A young man returns to his home town, a faded beach community in Tasmania, after years away in Sydney. With his partner and new baby, Kieran comes back to help his mother, unable to cope since his father developed dementia, pack up the family home.
Twelve years previously tragedy engulfed the tiny community of Evelyn Bay when a massive storm resulted in the deaths of two young men at sea. One of them was Kieran’s older brother, Finn; the other, a young father whose son, now grownup and working at the town’s beach bar/restaurant, remains furious with Kieran, whose behaviour on the day of the storm is still blamed by the community for their deaths. On the same night a schoolgirl, Gabby Birch, disappeared and has never been found.
When Kieran returns to his hometown twelve years later, another grim tragedy immediately unfolds. Bronte, a young waitress at the bar, is found dead on the beach on Kieran’s first night back. The stage is set for a cataclysmic catharsis. What exactly is going on in Evelyn Bay?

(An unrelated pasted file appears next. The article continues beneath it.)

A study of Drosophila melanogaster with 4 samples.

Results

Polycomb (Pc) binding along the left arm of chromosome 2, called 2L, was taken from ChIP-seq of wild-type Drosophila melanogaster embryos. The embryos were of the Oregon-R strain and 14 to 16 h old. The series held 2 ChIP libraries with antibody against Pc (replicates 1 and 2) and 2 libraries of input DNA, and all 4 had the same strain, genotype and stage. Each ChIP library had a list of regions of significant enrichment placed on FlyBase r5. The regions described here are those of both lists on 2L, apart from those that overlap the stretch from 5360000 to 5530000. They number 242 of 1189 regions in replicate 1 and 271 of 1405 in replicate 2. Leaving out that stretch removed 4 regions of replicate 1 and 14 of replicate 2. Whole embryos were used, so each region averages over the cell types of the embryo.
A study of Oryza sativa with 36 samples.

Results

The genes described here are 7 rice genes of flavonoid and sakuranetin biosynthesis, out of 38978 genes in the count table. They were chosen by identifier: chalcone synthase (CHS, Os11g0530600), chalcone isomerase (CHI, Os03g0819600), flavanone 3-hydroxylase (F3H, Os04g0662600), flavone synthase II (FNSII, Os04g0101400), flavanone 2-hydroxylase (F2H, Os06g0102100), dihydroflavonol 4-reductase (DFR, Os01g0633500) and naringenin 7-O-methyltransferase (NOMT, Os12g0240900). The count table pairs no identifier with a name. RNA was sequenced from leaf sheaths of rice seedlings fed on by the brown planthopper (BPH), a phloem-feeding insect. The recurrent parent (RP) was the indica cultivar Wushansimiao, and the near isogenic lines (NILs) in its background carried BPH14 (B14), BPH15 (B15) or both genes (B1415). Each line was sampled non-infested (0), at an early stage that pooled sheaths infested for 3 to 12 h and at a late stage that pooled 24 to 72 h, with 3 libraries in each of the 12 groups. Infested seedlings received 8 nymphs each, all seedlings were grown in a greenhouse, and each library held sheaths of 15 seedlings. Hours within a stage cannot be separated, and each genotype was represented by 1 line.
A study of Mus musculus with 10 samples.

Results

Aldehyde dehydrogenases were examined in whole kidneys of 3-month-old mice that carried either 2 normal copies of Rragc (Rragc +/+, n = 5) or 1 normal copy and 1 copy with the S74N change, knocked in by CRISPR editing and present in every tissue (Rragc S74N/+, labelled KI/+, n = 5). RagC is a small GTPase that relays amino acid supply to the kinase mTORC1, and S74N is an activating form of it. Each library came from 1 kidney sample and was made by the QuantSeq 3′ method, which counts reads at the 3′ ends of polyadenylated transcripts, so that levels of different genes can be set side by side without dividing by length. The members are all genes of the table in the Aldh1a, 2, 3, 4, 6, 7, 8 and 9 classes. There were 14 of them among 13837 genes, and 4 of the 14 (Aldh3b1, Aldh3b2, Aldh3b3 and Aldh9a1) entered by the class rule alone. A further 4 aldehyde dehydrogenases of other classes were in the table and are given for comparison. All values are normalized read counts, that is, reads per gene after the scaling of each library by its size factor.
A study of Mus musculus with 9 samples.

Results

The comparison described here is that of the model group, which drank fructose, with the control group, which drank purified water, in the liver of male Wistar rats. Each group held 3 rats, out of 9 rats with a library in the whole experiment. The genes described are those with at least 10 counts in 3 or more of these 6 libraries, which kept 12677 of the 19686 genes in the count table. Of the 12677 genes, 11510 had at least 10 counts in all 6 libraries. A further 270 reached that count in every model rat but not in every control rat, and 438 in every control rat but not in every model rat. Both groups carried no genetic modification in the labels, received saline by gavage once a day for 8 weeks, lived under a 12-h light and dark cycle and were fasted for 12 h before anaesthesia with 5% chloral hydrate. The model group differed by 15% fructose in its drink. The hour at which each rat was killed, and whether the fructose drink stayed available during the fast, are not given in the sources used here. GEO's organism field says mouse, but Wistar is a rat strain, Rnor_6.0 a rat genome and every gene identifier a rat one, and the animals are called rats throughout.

I absolutely loved this subtle, intimate novel. Yes it’s a murder mystery, but also a chronicle of youth, grief, and growing up. As in Harper’s previous books, The Dry and The Lost Man, landscape is key to both character and story, but in The Survivors, she turns from the burning Australian desert to the wild ocean of the Tasmanian coast. The Survivors of the title are three enormous iron statues facing the sea at Evelyn Bay, a memorial to passengers and crew who perished in a shipwreck a century ago. They symbolise Kieran’s struggle to survive the trauma and guilt of the ferocious storm, and the once thriving town’s fight to survive its descent into obscurity, a seasonal stopover on the backpacker trail, the kind of place young people can’t wait to get out of. When Kieran is forced to return, his reunion with old friends and family brings truth but catastrophe. A brilliant read.